Why study art history? Interview with Prof. Murdo Macdonald FRSA HRSA


In advance of the David and June Gordon lecture on March 24, we meet this year’s speaker, Professor Murdo Macdonald, FRSA, HRSA, Emeritus Professor of the History of Scottish Art, of Duncan of Jordanstone College of Art and Design, University of Dundee- and find out what makes him tick.

What drew you to study the history of art?

I went to art school, so I came to the history of art through the practice of painting. After art school I studied philosophy and psychology. I’m interested in the history of art (and the history of visual thinking in general) as part of the wider history of ideas. Burns is interesting from that perspective because he is very much a figure of the Scottish Enlightenment, writing about philosophers as well as lovers (“Smith wi’ his sympathetic feeling / An’ Reid to Common Sense appealing”). Similarly as wide-ranging was his close friend and portraitist Alexander Nasmyth who was an architect and engineer as well as an artist.

Why should we be interested in the History of Art?

Everyone is interested in images. History of art is just a way of bringing some order to that interest and refining it down into a set of images that address the large questions of life and death. History of art can help you to understand yourself, and what your place is with respect to your fellow human beings and the natural world.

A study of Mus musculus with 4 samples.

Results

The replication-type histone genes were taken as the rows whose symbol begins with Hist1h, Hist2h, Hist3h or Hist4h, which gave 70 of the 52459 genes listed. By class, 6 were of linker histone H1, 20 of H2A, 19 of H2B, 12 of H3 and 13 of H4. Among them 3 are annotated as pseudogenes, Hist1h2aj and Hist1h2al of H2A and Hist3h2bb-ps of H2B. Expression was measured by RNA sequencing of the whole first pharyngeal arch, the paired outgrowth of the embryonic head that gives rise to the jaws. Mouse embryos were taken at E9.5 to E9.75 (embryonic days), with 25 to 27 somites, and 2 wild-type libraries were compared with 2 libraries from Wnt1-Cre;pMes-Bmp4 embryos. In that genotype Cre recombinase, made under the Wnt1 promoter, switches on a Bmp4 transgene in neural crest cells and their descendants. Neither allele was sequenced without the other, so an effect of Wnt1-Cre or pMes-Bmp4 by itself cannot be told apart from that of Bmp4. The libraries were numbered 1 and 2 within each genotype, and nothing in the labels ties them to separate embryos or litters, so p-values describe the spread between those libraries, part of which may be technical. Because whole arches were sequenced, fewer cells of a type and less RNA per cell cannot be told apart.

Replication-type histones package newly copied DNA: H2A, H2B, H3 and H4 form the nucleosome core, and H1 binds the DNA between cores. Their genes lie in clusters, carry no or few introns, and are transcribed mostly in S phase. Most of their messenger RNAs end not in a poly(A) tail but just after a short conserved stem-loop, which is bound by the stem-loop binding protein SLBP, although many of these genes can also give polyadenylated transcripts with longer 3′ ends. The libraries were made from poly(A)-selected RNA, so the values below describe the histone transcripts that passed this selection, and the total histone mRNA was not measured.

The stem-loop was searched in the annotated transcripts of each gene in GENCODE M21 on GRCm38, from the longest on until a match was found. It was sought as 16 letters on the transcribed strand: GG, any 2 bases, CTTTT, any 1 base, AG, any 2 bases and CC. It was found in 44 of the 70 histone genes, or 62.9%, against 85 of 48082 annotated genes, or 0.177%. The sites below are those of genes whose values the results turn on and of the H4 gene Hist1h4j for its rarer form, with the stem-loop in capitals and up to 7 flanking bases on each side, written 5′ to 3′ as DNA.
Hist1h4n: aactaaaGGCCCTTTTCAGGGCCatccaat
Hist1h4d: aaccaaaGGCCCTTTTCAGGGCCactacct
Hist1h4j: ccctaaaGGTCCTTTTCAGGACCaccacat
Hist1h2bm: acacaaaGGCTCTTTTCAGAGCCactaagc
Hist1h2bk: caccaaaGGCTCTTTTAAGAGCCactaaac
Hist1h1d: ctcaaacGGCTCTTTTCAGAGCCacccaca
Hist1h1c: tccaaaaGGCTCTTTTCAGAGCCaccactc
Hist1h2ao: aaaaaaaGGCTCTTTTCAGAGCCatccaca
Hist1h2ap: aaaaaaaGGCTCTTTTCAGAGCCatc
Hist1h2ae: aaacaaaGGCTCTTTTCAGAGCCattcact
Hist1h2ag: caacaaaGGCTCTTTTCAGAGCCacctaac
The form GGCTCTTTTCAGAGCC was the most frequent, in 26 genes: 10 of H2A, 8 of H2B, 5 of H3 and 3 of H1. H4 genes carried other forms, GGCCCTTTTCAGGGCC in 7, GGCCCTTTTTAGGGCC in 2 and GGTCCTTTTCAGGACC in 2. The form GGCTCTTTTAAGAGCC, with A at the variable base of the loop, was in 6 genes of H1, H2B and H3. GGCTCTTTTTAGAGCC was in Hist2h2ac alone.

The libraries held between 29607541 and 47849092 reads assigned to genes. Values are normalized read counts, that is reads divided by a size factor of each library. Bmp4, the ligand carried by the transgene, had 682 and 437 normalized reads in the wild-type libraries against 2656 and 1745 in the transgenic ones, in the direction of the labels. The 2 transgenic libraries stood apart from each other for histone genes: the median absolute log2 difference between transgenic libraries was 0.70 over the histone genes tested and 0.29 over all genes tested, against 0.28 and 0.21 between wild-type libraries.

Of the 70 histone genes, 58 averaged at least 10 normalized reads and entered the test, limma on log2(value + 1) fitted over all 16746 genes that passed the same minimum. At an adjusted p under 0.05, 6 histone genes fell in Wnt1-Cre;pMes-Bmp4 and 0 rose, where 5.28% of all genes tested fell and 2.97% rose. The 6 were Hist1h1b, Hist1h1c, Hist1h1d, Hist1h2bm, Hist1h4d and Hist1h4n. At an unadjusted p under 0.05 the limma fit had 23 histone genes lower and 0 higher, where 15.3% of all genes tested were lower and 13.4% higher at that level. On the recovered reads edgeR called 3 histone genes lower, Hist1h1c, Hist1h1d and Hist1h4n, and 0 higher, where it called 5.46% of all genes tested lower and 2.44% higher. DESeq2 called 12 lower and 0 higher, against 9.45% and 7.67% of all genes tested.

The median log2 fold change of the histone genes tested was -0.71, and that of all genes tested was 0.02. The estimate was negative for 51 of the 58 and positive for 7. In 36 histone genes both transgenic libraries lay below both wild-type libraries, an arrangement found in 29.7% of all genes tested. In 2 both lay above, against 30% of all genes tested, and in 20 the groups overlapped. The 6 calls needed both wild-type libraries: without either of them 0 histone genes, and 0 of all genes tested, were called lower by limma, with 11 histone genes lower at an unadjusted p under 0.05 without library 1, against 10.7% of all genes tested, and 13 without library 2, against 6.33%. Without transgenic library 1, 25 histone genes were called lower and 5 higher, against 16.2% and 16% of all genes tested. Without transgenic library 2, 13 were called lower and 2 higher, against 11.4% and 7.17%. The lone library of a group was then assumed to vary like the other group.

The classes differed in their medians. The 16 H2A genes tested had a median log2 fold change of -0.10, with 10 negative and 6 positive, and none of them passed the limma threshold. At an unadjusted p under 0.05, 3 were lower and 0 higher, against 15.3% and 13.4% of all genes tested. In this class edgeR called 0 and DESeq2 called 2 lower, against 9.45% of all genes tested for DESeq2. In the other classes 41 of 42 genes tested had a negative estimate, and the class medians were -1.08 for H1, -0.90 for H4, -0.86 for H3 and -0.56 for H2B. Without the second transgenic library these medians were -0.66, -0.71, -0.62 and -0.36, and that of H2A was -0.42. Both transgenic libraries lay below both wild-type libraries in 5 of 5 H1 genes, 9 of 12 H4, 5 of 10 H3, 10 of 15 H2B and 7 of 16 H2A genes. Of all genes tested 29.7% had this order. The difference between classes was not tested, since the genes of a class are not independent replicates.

Have you focused on Robert Burns because of his international appeal?

Burns does have great international appeal, and one of the statues I’ll be talking about has versions in New York, Dundee, London and Dunedin. Goethe was a great admirer, and one of the finest settings of a Burns song was by Beethoven. But I’ve focused on him simply because he is a poet and song-writer of exceptional interest, and that interest is expressed in the fine art tradition of Scotland.

Are you interested in links between other literary heroes/heroines and Scottish art?

Yes. As well as Burns I am particularly interested in James Macpherson and the extraordinary effect that his Ossian had on European artists including Blake and Turner in England and Girodet and Ingres in France. I am also interested in Macpherson’s representation of Highland women as autonomous strong characters, often both bards and warriors, and how this is taken up by artists. Burns and Macpherson opened the way for the poets, Sir Walter Scott and James Hogg, both of whom have inspired highly interesting artworks.

Does Robert Burns have as much relevance today – are artists still finding inspiration in him and his work?

Burns continues to inspire artists of the highest quality. To name a few from recent times: George Wyllie, Lys Hansen, Calum Colvin, Graham Fagen, and Kenny Hunter. I touch on that in my lecture, but it deserves a lecture in its own right.